Yellow Ribbon cut at new charity base
The Bishop of Shrewsbury cut the yellow ribbon at the launch of a new venue for a local charity that helps change the lives of people leaving prison.
Yellow Ribbon Community Chaplaincy provides support for people on release from prison in Staffordshire, West Midlands, Shropshire and Worcester, through one-to-one mentoring, guidance and practical help. Its volunteers work with people seeking change in their lives so that they do not return to prison, meeting clients in prison and continuing their relationship with them on release.
Two projects set up by Yellow Ribbon in 2016 have been brought under one roof in Riverside Shopping Centre, Shrewsbury, in a new venue that was officially opened on Tuesday, 31 October.
The first project is the Re:Cre@tion café which offers a safe haven for Yellow Ribbon clients who find isolation a challenge, enabling them to develop confidence in a working environment by providing volunteering opportunities. The other is Restore Project which provides a restoring and upcycling furniture course for up to 32 people a year who are at risk of re-offending along with a shop that sells furniture and offers further volunteering chances.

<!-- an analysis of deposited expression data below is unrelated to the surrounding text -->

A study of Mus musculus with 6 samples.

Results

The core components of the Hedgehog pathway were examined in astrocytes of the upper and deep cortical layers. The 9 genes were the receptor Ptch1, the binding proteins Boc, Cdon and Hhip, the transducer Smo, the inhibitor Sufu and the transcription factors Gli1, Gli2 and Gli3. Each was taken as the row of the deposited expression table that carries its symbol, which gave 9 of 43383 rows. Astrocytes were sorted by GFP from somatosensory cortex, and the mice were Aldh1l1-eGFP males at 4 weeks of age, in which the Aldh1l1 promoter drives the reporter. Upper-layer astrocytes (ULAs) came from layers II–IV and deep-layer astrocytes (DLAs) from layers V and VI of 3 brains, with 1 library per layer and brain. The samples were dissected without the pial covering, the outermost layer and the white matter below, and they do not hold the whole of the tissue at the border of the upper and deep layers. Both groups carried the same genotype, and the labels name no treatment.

The Bishop of Shrewsbury, the Rt Revd Mark Rylands, said: “At the heart of the good news of Christianity is a hope that life can be changed for the better by a God who tips the balance in favour of those who struggle. The cycle of offending and re-offending is not easy to break, but the staff and volunteers at Yellow Ribbon are playing a crucial role in transforming people’s lives and benefiting society as a result.”
Clients and volunteers were joined at the opening by local church leaders and guests from probation, integrated offender management, prisons, police crime commissioning staff, the local council and other charities at the launch.
Yellow Ribbon Director Pauline Mack said: “It is fantastic to have both of our projects under one roof at the Riverside Shopping Centre.”
Established in 2013, Yellow Ribbon works with mainly short-sentenced prisoners, seeking to be the bridge between prison and the community. It also works with landlords and housing associations to find housing for people coming out of prison.